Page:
Surry County Commissioner Paul Johnson is “a distraction and a disgrace,” according to fellow commissioner Larry Phillips.
At Tuesday’s meeting of the Surry County Board of Commissioners Phillips claimed that Johnson was fueling the debate over a proposed Family Dollar store in Westfield in order to detract from the commissioner’s own legal struggles, which include four indictments on charges of obtaining money under false pretenses, issued in February by a Surry County Grand Jury.
After citing a number of projects in which alcohol is served or sold on which the board has given its approval, Phillips said Tuesday “of all the dollar stores we’ve approved this is the first time alcohol sales has been raised as an issue.”
Phillips said that his assessment as to why alcohol sales has been a point of contention in the recent rezoning matter is that Johnson, who is accused of four felony counts of obtaining property by false pretense, is using the matter to detract from his own legal battles and in hopes of winning the allegiance of county residents who could serve on a jury in Johnson’s case.
“Why is this (alcohol sales) an issue now,” asked Phillips. “I can answer that. We have a member of this board accused of four felonies. His legal defense fund hasn’t filed the paperwork mandated by state law and this member is facing a civil suit from the county to recoup taxpayer dollars he stole. This is just an attempt to deflect attention from himself.”
Phillips went on to say Johnson was “playing the church card.” “It’s an act of deception to try to bait a possible jury,” remarked Phillips. “He’s a distraction and a disgrace to this county.”
Phillips, who is a pastor at a local church, told stories of his attempts to help alcoholics recover in his years and said, “the church has a lot more compassion for a drunk than a thief.”
Johnson was not in attendance at the meeting. Board Chairman R.F. “Buck” Golding cited medical reasons for Johnson’s absence, but Johnson had sent an email to fellow commissioners asking that they continue the discussion to the board’s next meeting. However, Westfield resident Paul Covington, who spoke in opposition to the rezoning effort, said that Johnson had not been a driving force behind the rezoning opposition movement.
Johnson, who responded to a phone call later in the evening, echoed the remarks of Covington. “I don’t know how I’d be using this as a distraction,” said Johnson. “It (the rezoning matter) doesn’t matter to me one way or the other.”
Johnson said he was also taken aback by Phillips’ remarks. “For Commissioner Phillips to do his ranting and raving while I wasn’t there to defend myself is telling of the caliber of person and the kind of preacher he is,” said Johnson.
“I wasn’t aware Commissioner Johnson wasn’t going to be present at the meeting,” said Phillips. “I was going to read that statement regardless. He’s doing everything he can to deflect attention from himself, but what would be refreshing is if he (Johnson) took some responsibility for his actions.”
While commissioners eventually approved the rezoning from residential to business by a unanimous vote, about 15 area residents showed up to hear the discussion regarding the rezoning measure that will pave the way for a Family Dollar store at 3416 Old Westfield Road. Wade White outlined the concerns of many residents in the public hearing for the rezoning.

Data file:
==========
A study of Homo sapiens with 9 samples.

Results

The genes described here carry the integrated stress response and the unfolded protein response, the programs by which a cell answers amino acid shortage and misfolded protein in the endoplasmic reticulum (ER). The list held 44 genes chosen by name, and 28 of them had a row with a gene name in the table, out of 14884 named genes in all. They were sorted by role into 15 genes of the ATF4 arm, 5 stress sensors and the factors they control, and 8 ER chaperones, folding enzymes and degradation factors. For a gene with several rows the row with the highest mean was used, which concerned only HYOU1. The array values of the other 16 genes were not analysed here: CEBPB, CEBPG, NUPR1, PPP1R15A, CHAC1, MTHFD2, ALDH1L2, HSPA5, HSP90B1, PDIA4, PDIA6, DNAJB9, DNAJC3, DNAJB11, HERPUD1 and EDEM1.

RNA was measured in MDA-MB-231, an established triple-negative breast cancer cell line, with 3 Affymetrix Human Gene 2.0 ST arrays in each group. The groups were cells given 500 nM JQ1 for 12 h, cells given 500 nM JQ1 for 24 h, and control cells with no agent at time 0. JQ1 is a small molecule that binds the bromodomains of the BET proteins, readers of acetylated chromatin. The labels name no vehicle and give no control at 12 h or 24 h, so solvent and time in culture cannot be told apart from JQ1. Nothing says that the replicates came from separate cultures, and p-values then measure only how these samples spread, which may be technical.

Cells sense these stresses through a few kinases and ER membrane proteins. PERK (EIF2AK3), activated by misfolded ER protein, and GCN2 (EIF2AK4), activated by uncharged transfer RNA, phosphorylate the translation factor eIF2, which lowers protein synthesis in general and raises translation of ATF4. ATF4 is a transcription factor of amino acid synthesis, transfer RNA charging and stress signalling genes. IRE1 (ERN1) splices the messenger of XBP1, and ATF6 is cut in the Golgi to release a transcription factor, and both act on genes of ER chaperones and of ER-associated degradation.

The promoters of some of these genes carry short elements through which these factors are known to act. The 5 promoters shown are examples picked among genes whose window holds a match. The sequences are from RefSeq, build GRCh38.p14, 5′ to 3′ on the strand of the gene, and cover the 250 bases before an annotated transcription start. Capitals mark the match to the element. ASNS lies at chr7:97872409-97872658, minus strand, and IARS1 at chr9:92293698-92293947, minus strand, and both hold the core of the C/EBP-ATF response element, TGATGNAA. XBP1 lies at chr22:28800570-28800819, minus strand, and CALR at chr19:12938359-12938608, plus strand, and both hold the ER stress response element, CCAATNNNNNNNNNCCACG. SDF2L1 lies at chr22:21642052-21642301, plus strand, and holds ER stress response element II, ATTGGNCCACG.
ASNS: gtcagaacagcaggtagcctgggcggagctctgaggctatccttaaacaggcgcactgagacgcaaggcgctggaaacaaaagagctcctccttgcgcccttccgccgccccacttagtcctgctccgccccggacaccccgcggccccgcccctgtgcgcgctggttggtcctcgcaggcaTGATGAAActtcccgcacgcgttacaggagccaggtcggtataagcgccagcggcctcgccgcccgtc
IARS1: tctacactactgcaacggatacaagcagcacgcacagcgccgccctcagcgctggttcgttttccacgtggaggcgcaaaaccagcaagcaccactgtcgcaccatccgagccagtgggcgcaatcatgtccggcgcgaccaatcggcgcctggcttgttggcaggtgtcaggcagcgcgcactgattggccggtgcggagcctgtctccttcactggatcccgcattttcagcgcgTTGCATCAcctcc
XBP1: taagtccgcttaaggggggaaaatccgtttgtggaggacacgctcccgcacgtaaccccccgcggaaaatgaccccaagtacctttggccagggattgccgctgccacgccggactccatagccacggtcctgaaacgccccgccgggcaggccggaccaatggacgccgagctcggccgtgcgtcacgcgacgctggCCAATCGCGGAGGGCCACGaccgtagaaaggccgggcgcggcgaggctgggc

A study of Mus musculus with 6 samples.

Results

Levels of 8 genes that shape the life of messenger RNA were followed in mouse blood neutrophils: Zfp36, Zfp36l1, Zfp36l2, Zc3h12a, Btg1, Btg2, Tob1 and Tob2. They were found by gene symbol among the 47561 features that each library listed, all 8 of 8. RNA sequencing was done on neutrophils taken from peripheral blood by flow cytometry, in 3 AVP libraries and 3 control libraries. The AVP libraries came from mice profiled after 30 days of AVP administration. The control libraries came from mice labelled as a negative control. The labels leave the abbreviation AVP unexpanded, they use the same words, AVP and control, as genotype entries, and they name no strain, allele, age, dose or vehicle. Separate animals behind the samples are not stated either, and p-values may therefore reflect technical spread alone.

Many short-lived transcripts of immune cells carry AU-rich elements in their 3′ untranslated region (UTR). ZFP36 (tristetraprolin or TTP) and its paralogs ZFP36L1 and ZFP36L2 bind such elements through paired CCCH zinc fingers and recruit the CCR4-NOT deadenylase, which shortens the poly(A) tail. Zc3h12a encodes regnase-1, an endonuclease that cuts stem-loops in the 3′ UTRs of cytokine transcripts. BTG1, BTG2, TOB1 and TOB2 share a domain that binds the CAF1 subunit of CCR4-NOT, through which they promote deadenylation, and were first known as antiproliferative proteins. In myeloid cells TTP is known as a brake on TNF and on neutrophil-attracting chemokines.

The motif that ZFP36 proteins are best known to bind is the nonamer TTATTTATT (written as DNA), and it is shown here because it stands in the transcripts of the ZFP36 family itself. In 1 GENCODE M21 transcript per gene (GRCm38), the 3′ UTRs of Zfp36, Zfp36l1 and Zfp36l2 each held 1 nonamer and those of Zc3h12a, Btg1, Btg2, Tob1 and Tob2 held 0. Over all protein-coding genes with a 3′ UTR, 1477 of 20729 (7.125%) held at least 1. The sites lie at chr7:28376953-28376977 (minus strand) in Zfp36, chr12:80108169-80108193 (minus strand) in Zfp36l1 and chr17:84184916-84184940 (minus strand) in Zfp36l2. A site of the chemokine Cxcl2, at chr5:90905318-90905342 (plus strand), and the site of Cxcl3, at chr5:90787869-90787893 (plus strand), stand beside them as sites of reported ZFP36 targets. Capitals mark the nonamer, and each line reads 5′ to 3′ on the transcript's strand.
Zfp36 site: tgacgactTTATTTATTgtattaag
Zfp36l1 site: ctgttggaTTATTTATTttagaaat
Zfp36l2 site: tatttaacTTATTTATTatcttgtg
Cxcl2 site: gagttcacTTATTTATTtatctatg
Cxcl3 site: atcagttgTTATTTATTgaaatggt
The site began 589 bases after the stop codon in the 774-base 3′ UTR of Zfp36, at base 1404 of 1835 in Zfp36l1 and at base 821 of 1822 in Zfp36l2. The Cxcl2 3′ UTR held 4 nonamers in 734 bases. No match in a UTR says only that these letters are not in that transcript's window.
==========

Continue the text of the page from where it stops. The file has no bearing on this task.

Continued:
White said Westfield area residents made a number of requests to Family Dollar. The requests, according to White, included no light pollution at the site, that the signage at the store be “reasonable and in keeping with the rural setting,” that the business would be closed from 8 p.m. until 8 a.m. every day and be closed on Sunday mornings, that the store front be altered to be more rustic in nature, and that the store not sell alcohol.
White said the terms were not agreeable to Family Dollar. “They expressly oppose a prohibition on any alcohol sales,” said White. White also asked commissioners to once again continue the discussions until the next board meeting so that the movement opposing the rezoning effort could rally more support — a request commissioners did not grant.
Paul Bell, the developer in the Family Dollar matter, said that the corporation had already made some concessions. “Family Dollar has agreed not to advertise alcohol sales and has redesigned the store front to look more like a rural general store,” said Bell.
Bell added that the effort to redesign the store front will come at a significant cost to Family Dollar.
Property owner Christopher Sevilla said that he believes the Family Dollar will alleviate the costs associated with traveling to larger towns to buy groceries or paying higher costs at other locally owned stores. Sevilla said that the issue is one of economic development and that the new store could create a dozen jobs.
Sevilla also told area residents that the power to regulate alcohol sales is in their hands. “If there’s no demand then it (alcohol) won’t sell,” said Sevilla.
Phillips said that Sevilla hit the nail on the head in his remarks. “The focus should be on turning around the economy in this county,” said Phillips. “We don’t have enough jobs for our residents.”
Phillips also said that the rezoning matter is a matter of consistency. “We must be consistent when making these decisions. We’ve approved many similar projects,” remarked Phillips.
Like Sevilla, Phillips said that area residents still hold the power to ensure alcohol isn’t sold at the location. “You hold the power of the purse,” said Phillips. “If you don’t like alcohol then don’t buy it.”
After explaining his personal and religious opposition to the consumption of alcohol, Phillips said, “I shop at Wal-Mart. They sell alcohol. I feel no compulsion to go down the beer aisle when I’m there.”
Andy Winemiller is a staff writer for the Mount Airy News. Andy can be reached at (336) 415-4698 or email@example.com.